New York hemp farmers get first chance to grow recreational cannabis

New York hemp farmers get first chance to grow recreational cannabis


New York is giving hemp farmers a head start in growing cannabis for recreational use.


A new law gives them first access to apply for a two-year license to grow THC-rich strains of cannabis, reports the New York Daily News. It also allows them to minimally process and distribute cannabis flower without an adult-use processor or distributor license until June 1, 2023.

The licensing measure because official Feb. 22 with a signature from Gov. Kathy Hochul. Licensed growers will be able to start planting marijuana this spring.


“This legislation aligns the rollout of the adult-use program with the natural growing season so that products made with sun-grown cannabis can be available when dispensaries open their doors,” said Jen Metzger, a member of the state’s Cannabis Control Board and former Senate Agriculture Chair, said in a press release.


The state legalized recreational adult use almost a year ago and adults 21 and older can now possess and consume cannabis, privately or publicly. But officials are still working out the details of how to regulate farming and sales in the state. The new law ensures that planting season won’t pass without having the farming piece


“[F]armers can now put seeds in the ground to ensure we meet the demand of this burgeoning industry,” Senator Michelle Hinchey said of the legislation.

“Farmers can now put seeds in the ground to ensure we meet the demand of this burgeoning industry.”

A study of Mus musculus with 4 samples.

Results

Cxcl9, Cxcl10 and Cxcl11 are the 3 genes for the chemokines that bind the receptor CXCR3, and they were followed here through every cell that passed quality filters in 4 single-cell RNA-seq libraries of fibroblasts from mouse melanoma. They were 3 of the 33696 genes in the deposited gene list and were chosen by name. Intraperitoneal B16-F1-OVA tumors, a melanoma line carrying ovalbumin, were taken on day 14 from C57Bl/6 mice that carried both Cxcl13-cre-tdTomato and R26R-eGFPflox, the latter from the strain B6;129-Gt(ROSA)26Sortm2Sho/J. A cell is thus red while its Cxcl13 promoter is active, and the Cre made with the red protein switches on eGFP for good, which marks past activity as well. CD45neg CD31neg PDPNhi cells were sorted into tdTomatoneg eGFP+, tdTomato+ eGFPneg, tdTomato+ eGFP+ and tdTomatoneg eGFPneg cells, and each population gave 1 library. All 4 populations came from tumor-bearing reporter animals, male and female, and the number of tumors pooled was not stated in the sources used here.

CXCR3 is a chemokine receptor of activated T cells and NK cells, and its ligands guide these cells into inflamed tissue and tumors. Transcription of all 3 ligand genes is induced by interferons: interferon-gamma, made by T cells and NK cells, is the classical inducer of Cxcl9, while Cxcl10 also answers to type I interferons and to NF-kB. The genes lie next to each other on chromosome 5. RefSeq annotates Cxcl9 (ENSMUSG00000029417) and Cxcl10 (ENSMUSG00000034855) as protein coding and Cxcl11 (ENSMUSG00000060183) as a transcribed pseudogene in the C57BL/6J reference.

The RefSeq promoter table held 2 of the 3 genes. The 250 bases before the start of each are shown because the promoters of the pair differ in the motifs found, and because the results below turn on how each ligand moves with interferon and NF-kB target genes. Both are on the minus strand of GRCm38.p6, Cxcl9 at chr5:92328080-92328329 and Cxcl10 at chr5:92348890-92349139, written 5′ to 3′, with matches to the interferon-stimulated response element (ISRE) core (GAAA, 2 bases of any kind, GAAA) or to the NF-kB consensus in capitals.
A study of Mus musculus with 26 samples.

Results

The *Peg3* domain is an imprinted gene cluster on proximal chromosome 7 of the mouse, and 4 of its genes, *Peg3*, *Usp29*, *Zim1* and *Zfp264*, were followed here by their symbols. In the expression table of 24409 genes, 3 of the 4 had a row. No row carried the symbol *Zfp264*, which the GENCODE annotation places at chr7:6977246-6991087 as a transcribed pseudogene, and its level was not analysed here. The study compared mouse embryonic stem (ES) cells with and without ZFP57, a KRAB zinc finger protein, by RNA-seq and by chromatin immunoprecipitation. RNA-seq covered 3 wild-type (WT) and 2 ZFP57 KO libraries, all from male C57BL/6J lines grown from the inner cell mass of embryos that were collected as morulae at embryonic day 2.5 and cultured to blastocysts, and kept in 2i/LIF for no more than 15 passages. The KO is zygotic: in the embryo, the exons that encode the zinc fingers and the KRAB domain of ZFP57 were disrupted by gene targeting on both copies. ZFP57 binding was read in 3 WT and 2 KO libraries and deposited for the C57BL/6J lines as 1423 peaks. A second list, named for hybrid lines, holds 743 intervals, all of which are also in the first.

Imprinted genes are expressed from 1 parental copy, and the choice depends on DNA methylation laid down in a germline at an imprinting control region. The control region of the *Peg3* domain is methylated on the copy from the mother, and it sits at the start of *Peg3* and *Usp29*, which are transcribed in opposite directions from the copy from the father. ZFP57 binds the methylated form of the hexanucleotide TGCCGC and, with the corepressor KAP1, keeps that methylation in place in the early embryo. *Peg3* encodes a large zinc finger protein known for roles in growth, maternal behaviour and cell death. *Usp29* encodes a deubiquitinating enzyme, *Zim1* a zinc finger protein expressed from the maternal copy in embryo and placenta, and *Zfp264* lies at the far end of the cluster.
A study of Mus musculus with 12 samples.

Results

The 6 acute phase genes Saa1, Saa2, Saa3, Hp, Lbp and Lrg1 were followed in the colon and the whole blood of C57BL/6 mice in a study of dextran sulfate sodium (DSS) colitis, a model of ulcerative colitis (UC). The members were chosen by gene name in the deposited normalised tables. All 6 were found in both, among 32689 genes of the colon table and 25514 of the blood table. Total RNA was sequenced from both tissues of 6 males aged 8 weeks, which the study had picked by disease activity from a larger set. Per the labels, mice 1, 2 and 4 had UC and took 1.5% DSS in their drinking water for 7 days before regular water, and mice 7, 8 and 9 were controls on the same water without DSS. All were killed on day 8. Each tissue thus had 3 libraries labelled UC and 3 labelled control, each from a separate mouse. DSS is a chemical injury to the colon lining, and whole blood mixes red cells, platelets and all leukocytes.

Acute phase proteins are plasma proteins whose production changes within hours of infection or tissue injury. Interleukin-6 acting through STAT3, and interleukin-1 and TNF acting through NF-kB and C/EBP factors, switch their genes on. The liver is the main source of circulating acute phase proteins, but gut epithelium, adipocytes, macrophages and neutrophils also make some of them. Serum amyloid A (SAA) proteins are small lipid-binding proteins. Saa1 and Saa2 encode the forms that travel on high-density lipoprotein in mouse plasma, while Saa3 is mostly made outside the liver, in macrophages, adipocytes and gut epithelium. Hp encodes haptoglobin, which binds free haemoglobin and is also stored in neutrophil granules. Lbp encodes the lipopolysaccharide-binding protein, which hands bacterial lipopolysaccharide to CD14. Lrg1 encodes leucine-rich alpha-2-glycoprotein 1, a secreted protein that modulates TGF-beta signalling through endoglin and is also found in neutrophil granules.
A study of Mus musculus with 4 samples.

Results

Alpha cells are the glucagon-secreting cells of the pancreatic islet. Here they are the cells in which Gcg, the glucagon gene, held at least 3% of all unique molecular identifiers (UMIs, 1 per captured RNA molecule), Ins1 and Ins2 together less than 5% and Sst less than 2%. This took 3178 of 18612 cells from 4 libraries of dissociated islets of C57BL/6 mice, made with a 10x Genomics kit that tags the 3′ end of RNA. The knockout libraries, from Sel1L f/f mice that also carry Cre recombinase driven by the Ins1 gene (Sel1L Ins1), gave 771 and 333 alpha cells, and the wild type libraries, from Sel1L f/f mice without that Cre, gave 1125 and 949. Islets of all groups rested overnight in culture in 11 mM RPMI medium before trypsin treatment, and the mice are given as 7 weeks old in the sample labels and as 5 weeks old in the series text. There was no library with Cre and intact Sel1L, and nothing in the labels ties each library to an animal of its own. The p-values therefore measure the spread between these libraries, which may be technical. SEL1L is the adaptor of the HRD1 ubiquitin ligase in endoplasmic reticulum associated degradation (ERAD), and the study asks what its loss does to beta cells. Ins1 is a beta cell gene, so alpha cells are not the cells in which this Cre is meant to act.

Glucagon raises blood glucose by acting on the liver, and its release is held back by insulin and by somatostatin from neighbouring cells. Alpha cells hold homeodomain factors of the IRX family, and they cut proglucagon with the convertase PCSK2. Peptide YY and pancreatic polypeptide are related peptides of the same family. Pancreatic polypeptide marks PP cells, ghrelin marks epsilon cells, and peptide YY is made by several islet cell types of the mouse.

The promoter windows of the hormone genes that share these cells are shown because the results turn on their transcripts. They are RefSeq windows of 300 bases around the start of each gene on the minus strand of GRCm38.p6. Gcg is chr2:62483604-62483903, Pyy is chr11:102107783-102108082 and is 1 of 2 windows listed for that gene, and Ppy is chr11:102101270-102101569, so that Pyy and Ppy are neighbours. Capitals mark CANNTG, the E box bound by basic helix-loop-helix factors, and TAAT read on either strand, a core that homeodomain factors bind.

— Senator Michelle Hinchey

According to Marijuana Moment, New York hasn’t authorized any retailers to sell cannabis for recreational adult use yet. Regardless, as Forbes recently reported, a budding gray market has emerged as entrepreneurs try to get a jump on corporate cannabis.


In any case, Governor Hochul said the bill “positions New York's farmers to be the first to grow cannabis and jumpstart the safe, equitable and inclusive new industry we are building.”


The licenses are conditional, meaning they include requirements farmers must meet including environmentally-friendly cultivation practices and teaching others how to cultivate cannabis through a social equity mentorship program.


Of the conditions, Assembly Majority Leader Crystal Peoples-Stokes said, “This authority will help secure enough safe, regulated, and environmentally conscious cannabis products to meet the demand of the adult-use cannabis market when retail dispensaries open.”


New York has committed to making racial equity a priority in cannabis policy reforms. In January, the governor's executive budget proposed using $200 million from cannabis licensing fees and tax revenue to support to applicants from communities harmed by past enforcement efforts against cannabis.


Additionally, to be eligible for a conditional license farmers have to

  • have grown hemp through the Department of Agriculture and Markets’s research program for at least two of the last four years;
  • be in good standing with the program;
  • have at least 51% ownership stake in a business licensed to grow hemp.

Now York's governor and legislature have been acting quickly on cannabis reforms. Since last October the state’s Office of Cannabis Management has:

  • Launched the Cannabinoid Hemp Program, putting in place protections for the public and provisions to support New York's CBD businesses;
  • Expanded access to the Medical Cannabis Program by empowering health care providers to determine if medical cannabis can help their patients, lowering costs by permanently waiving patient fees and allowing the sale of whole flower, and adding to the list of providers who can certify patients;
  • Launched its first wave of community outreach events with 11 regional events, including one in Spanish, that's already engaged more than 5,000 attendees.